Policy file: APEC 2017

The free trade agenda in a sceptical world

Martin Blaszczyk

Trade and industry, International relations | Asia

16 November 2017

As is often the case, the main news out the 25th annual Asia-Pacific Economic Cooperation Leaders’ Meeting had little to do with APEC itself. Martin Blaszczyk takes a look.

For a regional gathering seemingly more committed than ever to an agenda of free and open trade, it was hard to avoid not one but two economic elephants in the room.

First, as the Philippines’ Business Inquirer points out, the summit’s Da Nang Declaration, affirming closer trade and investment ties, had to be tempered due to US President Donald Trump’s staunch railing against “unfair” trade practices on the part of other countries against his own. ‘America First’ means bilateralism is once again enjoying top billing alongside regional integration. Unsurprisingly, Trump’s rhetoric has been contrasted with that of Chinese President Xi Jinping, and is already being called a “gift” to China’s standing in the region by early commentators.

Second, observers could also not help noticing that the most progress on trade was made on the sidelines of the main show – on the Trans-Pacific Partnership – now sans America and encompassing only 11 of APEC’s 21 members. And this despite the much-publicised no-show by Canadian Prime Minister Justin Trudeau at an important leaders’ meeting.

Australia’s Prime Minister Malcolm Turnbull seems to have gained little domestic credit from his own key APEC achievements. These included the signing of a trade agreement with Peru, which is set to eliminate 99 per cent of tariffs affecting Australian exporters to the rapidly expanding South American economy; and further work towards a strategic partnership with Vietnam, a country that counts Australia as its seventh largest trading partner.

In other APEC news…

First, there was Trump-Putin… would they or wouldn’t they (shake hands)? They did, several times, and their meeting was so warm that it prompted Trump to state that he believed Putin when the latter said he didn’t interfere in last year’s US election: “Every time he sees me he says I didn’t do that and I really believe that when he tells me that, he means it,” Trump said. Which prompted another barrage of top-level criticism of his own interference in an ongoing FBI investigation.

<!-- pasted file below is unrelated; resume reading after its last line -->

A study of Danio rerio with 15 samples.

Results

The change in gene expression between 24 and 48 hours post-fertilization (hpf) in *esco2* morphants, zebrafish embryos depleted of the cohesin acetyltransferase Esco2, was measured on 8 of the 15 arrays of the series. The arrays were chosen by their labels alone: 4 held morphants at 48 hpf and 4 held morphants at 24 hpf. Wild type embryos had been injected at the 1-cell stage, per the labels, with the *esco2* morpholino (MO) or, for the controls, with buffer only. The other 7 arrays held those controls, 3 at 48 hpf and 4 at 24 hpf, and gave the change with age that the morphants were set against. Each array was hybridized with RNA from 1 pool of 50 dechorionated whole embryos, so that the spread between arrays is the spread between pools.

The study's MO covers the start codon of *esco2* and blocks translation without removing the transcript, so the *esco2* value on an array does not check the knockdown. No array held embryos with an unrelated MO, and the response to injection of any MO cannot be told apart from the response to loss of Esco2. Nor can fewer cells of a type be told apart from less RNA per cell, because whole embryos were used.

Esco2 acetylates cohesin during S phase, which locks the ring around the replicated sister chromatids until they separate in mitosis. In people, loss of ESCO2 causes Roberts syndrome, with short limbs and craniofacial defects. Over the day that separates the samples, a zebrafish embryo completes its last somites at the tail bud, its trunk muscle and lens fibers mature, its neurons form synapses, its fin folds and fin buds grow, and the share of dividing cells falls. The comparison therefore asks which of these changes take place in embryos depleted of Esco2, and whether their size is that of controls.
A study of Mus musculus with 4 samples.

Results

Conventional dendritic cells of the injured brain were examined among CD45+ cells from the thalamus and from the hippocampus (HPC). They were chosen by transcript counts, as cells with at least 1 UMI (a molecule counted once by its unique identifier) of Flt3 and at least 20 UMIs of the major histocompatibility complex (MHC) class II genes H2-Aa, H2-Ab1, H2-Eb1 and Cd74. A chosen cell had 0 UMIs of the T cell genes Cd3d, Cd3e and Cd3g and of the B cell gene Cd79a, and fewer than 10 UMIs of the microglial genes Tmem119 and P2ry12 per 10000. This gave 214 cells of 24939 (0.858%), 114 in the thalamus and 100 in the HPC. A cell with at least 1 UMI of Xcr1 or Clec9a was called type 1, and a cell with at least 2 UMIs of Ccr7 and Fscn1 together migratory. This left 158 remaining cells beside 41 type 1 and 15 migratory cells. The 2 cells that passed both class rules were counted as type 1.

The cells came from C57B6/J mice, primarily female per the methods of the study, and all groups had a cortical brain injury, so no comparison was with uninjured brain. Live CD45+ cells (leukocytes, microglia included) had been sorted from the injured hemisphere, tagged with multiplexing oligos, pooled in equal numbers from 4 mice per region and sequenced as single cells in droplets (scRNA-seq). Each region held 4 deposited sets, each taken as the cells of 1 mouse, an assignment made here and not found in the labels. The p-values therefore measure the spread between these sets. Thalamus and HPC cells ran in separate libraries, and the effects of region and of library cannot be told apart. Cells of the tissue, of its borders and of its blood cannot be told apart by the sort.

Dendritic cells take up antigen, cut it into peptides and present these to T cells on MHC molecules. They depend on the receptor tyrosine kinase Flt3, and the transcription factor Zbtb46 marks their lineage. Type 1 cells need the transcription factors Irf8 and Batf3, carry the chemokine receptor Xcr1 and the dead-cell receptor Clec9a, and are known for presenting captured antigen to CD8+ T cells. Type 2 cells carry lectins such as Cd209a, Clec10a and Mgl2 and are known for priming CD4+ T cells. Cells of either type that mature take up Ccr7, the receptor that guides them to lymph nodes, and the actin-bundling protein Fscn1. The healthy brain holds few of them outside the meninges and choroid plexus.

Although requests for a formal meeting on the sidelines were reportedly rebuffed by the White House, the two leaders did manage to sign a joint declaration on Syria. They agreed that there is no military solution to that country’s bitter civil war, promised to defeat ISIS, and were careful to omit from the statement any areas of disagreement.

Other security issues were largely left off the agenda given the plethora of bilateral talks and the ongoing ASEAN Summit in Manila. Nonetheless, grand strategy was never far from anyone’s mind, such as Trump’s regular references to the ‘Indo-Pacific’ at a meeting restricted to Asia-Pacific economies.

As Alyssa Ayres points out in Forbes, India requested to become a member of APEC more than 20 years ago and is Asia’s third-biggest economy. She writes that its membership would greatly assist the USA’s strategic goal of making India a key stakeholder in a democratic and prosperous Asia. David Brewster has previously argued that this goal should be shared by Australia when he explained the Indo-Pacific strategic paradigm on the pages of Policy Forum.

All in all, amidst the great juggernaut of Trump’s first tour of the region, APEC’s economic trade agenda already seems like a fading pit stop on Asia’s circuit of summitry.